California’s proposed high-speed rail project hit another hurdle as the latest auction in California’s cap-and-trade market for greenhouse gasses generated revenues sharply below expectations. Buyers purchased just 2% of the carbon credits whose sales are meant to supply funding to the high-speed rail project, according to the LA Times.
The rail authority expected about $150 million, but received $2.5 million of the $10 million that was sold at the quarterly auction, conducted May 18th. Less need for the credits and pending litigation that may overturn the entire system are possible causes.
Regardless of the reason, the lack of buyers is a stark example of the uncertainty and risk of relying on actively traded carbon credits to build the bullet train, a problem highlighted in recent legislative testimony by the Legislative Analyst’s Office and a peer-review panel for the $64-billion high-speed rail, as noted in the LA Times.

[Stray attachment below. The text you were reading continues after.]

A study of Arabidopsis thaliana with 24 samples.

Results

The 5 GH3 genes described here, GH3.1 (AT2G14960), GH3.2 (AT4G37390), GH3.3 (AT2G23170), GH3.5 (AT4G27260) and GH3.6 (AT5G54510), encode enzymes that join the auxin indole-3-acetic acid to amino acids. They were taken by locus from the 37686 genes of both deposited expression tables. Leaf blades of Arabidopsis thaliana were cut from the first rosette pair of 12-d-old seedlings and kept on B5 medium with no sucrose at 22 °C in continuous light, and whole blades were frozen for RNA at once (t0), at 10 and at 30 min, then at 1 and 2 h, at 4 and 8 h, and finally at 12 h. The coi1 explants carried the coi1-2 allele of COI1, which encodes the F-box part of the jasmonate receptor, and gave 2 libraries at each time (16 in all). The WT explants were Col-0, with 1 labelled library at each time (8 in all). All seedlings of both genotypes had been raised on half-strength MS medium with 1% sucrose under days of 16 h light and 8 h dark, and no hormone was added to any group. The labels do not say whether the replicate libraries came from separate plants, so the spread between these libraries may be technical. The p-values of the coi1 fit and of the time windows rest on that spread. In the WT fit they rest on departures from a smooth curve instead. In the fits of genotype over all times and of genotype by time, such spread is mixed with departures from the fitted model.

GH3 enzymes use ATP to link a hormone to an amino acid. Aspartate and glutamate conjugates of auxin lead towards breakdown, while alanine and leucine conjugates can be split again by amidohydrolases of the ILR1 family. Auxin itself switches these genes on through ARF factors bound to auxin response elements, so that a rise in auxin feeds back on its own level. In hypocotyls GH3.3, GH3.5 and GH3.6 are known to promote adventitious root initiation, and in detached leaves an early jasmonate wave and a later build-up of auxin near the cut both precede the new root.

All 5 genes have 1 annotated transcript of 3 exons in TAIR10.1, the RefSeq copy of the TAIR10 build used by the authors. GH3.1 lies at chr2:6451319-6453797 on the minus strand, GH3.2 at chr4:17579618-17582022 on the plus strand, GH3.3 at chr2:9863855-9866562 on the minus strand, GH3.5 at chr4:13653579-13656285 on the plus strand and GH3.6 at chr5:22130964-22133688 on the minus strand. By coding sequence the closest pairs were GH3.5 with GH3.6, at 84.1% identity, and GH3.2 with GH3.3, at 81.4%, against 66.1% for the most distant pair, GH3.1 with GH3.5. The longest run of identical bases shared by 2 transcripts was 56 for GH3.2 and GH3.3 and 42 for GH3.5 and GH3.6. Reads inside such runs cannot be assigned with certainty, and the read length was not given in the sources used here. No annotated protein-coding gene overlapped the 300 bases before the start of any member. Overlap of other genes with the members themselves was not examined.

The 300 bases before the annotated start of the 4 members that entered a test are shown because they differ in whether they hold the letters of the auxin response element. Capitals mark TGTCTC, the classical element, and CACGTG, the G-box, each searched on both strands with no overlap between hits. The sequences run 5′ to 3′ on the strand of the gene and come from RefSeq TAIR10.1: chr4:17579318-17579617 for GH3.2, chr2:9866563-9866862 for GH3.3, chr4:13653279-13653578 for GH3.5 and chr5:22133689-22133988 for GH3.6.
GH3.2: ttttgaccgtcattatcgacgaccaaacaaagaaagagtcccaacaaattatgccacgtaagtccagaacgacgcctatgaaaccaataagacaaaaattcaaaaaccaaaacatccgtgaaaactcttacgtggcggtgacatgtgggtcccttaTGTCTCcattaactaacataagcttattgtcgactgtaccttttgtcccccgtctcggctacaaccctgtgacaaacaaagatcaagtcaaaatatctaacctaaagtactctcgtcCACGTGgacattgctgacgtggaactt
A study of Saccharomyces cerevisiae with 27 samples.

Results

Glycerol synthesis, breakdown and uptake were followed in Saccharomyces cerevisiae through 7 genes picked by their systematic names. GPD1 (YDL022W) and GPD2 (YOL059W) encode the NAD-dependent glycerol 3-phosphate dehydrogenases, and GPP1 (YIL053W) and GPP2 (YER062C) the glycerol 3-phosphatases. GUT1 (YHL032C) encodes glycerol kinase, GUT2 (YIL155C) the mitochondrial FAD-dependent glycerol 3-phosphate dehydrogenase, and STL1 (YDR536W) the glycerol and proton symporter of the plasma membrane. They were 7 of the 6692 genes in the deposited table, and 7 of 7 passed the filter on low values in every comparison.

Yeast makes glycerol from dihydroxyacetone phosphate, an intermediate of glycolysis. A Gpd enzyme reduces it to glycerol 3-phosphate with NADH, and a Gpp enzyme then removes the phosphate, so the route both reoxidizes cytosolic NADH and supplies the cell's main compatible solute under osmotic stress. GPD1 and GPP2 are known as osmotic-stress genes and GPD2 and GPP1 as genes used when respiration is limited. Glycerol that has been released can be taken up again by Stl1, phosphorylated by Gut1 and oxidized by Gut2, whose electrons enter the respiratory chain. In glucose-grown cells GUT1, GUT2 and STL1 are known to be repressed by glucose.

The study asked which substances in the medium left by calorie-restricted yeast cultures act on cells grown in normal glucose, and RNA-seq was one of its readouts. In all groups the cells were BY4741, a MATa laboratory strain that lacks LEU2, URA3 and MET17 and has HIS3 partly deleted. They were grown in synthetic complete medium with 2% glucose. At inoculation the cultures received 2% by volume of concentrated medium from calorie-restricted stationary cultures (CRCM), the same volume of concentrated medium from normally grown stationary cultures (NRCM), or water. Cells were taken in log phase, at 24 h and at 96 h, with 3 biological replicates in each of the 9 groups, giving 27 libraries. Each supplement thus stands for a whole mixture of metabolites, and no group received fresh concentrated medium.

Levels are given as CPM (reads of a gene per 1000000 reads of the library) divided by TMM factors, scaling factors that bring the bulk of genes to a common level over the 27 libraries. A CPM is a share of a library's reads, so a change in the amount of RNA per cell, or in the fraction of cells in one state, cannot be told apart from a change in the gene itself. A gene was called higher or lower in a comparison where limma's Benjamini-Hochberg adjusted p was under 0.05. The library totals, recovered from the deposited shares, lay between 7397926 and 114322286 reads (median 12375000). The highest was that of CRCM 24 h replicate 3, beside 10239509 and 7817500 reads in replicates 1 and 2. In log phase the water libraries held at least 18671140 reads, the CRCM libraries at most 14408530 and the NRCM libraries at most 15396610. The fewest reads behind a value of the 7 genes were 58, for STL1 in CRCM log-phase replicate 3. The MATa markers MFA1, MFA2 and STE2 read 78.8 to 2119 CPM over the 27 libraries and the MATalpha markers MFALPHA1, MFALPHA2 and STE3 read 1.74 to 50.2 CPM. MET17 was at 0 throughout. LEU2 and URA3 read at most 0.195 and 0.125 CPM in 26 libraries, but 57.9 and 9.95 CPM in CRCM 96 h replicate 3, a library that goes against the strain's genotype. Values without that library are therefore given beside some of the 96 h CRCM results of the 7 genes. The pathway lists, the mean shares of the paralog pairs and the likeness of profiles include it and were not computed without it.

To fulfill its legal obligation of matching about $3.5 billion in federal grants, the rail authority is relying on the greenhouse gas fees. Now, it is unclear whether the shortfall will exacerbate the cash-flow problem the authority has been experiencing.
In the recent 2016 plan that was released by the authority, they were counting on getting about $10.6 billion from the greenhouse gas fees through 2050. The fourth quarterly auctions would raise $2.4 billion, with $600 million going to the rail project, said H.D. Palmer, a spokesman for the California Department of Finance. There is a $500-million reserve set up in anticipation of volatility that could help close the gap.
“We anticipated there would be ups and downs, as there always are in markets.” said Dave Clegern, spokesman for the Air Resource Board. Softening demand first appeared in February of 2015, when about 95% of the available credits were sold. It was the first time since 2012 that any credits were left unsold.
Last week, the Federal Railroad Administration modified one of its two grants to allows the state to spend all of its money by next year, but not match its funding until 2022. If the auction results reflect a long-term shift in greenhouse gas revenue, it would raise new concerns about the viability of building the bullet train.